A year ago I wrote a blog post titled Thinking about a paywall? Read this first. If you haven't read it, please do so now, as it's a prerequisite for this one.
It works as I described, providing tools that let the publisher identify high-volume users and target them with a request that they pay something.
Let me explain what it is not.
It's not a paywall, as some have mischaracterized it.
It doesn't cut the site off from the Internet.
It doesn't interfere with social link sharing.
It doesn't discourage sampling. Casual users and new visitors won't even know that it's there.
It's not based on arrogant bellowing about how users "should" pay, or ridiculous claims that the free Internet is ending.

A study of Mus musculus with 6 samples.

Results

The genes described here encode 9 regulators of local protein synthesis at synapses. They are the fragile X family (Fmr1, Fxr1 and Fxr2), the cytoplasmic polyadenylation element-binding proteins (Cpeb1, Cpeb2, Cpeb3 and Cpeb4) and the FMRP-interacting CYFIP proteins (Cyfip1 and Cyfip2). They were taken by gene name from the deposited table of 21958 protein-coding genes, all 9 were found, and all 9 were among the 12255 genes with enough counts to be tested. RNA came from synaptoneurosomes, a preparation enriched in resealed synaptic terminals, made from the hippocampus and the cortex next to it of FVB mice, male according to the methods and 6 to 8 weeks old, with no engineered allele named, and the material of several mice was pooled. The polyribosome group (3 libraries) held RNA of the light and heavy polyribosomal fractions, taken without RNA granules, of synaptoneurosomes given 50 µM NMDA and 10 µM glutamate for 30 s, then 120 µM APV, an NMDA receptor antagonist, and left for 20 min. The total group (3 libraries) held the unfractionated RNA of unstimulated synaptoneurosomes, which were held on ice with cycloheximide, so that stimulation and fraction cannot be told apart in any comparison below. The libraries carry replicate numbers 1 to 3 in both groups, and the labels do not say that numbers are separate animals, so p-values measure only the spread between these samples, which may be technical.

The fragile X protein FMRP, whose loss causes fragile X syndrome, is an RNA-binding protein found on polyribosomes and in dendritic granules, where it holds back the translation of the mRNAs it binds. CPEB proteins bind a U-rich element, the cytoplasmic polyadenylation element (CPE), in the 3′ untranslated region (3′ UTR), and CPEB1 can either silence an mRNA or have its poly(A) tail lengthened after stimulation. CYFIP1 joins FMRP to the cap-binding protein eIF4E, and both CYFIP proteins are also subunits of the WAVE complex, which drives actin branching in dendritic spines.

It's not doomed like the Times paywall.
It's not a feeble attempt to milk the cash cow dry.
And it's not driven by belief, but rather by some quantitative analysis leading to some projections that should be tested in the marketplace rather than debated by new-media pundits.
An advertising-only business model has a dangerous characteristic that any farmer would recognize: If conditions shift against it, you're screwed. That's clearly happened as the recession that began in 2007 drove the ad business into the ground.
Anyone who's been in the media business long enough eventually learns that some revenue streams are more affected by business cycles than others. Reader revenue is relatively less affected, and looking for ways to blend it into the mix is a healthy move. It's important to pursue other sources of revenue as well, and that's being done. Polycultures are inherently more stable.